In Storytelling, students use computer science to tell fun and interactive stories. Storytelling emphasizes creativity by encouraging club members to tell a unique story each day.
In Friends, students are encouraged to sign up with a friend or make a new friend in the club. Friends emphasizes teamwork by allowing club members to tell the story of how their friendship started and imagine a company together.
In Fashion & Design, students learn how computer science and technology are used in the fashion industry while building fashion-themed programs, like a fashion walk, a stylist tool, and a pattern maker.
In Art, students create animations, interactive artwork, photograph filters, and other exciting, artistic projects.
In Social Media, students create fun social media style applications and games while learning about the computer science concepts that enable these programs to work.
In Sports, students use computer science to simulate extreme sports, make their own fitness gadget commercial, and create commentary for a big sporting event.
In Music & Sound, students use the computer to play musical notes, create a music video, and build an interactive music display while learning how programming is used to create music.
In Game Design, students learn basic video game coding concepts by making different types of games, including racing, platform, launching, and more!
Students create fun and complex animated projects. This is an advanced curriculum, which means it teaches new concepts that are recommended for students who have already participated in at least two other CS First themes.
In this sample activity students animate an ocean wave to create a setting, then tell a story that takes place on the high seas.
In this sample activity students tell a story using the characters from Cartoon Network’s "The Amazing World of Gumball."
Be a designer and programmer – bring the Google logo to life using code.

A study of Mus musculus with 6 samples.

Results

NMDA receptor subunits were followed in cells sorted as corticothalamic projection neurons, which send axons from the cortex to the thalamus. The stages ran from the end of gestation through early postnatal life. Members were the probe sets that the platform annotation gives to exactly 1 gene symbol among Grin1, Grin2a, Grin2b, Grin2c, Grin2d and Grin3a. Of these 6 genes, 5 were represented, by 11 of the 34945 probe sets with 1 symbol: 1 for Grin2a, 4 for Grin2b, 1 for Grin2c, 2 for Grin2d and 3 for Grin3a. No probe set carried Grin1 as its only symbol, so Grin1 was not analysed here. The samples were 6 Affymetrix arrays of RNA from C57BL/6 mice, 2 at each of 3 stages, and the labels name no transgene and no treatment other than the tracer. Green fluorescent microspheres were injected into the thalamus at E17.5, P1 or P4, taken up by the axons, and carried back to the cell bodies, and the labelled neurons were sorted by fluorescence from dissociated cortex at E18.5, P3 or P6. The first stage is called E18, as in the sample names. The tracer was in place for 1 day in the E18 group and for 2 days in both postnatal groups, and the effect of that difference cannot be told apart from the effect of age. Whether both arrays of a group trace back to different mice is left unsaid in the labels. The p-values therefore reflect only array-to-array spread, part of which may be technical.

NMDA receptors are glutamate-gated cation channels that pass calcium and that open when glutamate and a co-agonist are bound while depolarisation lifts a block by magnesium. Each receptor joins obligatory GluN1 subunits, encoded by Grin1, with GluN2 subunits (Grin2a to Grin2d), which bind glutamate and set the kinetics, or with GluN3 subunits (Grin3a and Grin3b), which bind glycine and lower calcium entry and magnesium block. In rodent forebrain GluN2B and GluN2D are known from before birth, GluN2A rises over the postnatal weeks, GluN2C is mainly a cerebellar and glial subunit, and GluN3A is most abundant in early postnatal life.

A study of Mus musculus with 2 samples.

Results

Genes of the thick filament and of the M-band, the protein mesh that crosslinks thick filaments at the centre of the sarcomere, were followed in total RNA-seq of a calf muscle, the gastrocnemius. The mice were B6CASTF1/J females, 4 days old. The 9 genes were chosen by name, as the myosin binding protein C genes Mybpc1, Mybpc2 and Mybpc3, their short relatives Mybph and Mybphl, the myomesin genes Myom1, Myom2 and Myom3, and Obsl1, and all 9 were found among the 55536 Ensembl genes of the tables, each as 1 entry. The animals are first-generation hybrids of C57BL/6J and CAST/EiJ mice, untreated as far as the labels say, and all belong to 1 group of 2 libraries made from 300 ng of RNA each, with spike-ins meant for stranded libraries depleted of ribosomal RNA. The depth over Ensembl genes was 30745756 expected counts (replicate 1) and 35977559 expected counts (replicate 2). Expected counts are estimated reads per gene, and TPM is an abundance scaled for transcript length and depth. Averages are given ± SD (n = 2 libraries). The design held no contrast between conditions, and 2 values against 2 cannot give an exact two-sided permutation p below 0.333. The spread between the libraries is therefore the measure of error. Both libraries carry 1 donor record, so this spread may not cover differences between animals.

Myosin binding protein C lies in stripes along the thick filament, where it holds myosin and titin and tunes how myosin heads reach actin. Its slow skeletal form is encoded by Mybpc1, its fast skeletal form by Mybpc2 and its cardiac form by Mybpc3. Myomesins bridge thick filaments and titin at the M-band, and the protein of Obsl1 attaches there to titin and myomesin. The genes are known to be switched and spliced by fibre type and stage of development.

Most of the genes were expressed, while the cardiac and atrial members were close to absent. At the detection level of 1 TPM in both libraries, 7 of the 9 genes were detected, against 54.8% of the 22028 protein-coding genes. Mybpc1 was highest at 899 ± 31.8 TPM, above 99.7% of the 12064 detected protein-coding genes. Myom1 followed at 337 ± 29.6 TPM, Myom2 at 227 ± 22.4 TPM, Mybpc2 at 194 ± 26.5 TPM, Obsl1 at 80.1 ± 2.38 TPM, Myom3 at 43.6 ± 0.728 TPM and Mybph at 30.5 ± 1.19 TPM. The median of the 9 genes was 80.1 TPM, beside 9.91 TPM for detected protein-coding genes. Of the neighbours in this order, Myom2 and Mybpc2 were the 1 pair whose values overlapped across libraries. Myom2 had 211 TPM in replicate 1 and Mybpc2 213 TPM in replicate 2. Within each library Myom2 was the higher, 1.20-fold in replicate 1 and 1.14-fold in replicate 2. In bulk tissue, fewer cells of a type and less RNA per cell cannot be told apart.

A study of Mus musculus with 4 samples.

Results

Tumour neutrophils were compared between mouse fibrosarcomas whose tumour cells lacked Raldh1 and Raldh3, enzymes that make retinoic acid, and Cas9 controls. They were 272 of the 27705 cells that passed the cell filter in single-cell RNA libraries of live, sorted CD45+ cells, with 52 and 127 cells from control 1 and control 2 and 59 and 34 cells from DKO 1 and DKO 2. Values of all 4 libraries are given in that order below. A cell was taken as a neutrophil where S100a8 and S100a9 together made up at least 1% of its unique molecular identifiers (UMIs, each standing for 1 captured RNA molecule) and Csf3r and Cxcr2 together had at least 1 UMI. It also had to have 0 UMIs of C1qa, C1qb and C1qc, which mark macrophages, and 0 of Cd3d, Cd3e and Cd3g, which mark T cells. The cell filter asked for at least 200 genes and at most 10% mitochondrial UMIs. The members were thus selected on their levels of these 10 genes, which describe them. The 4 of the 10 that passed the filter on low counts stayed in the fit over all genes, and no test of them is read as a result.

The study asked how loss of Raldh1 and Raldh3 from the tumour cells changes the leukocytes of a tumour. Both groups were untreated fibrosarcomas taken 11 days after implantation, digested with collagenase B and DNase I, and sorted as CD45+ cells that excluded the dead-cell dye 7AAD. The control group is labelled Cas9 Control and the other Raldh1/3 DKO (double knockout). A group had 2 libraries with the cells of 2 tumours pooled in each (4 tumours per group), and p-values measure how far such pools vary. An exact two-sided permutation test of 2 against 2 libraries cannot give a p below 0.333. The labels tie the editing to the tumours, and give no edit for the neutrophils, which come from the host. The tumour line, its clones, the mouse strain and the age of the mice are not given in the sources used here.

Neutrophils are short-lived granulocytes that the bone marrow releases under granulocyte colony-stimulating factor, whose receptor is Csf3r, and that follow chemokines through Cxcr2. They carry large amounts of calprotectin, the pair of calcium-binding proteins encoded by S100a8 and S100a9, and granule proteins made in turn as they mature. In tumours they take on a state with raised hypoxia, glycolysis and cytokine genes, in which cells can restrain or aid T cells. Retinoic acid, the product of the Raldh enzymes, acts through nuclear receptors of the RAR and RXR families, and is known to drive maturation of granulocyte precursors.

In this video, you will program the backdrop to show “game over” if the sprite touches an obstacle. First, select the racer sprite. The game ends *if* the racer sprite touches an obstacle. From the “control” menu, drag out an “if then” block, and add it to the forever loop. Remember, an “if then” block checks if something is true, then performs an action if it is. To check if the sprite is touching an obstacle, add a “touching” block from the “sensing” menu to the “if then” block. Choose the obstacle sprite from the dropdown menu.
Then, open the “looks” menu and add a “switch backdrop to” block to the “if then” block. Choose the “game over” backdrop from the dropdown menu.
Test your code. If the racer touches an obstacle, the backdrop switches to display “game over.”
Try playing the game again. The backdrop still says “game over,” but the game hasn’t even started! To fix this, add a “switch backdrop to” block right after the “when flag clicked” block, and select the starting backdrop from the dropdown menu.
Test the code by clicking the flag. The game starts with a backdrop, and switches to the “game over” backdrop only when it hits an obstacle.
Here’s the game plan: Make the backdrop show “game over” if the racer touches an obstacle using an “if then” block, a “touching” block, and a “switch backdrop to” block.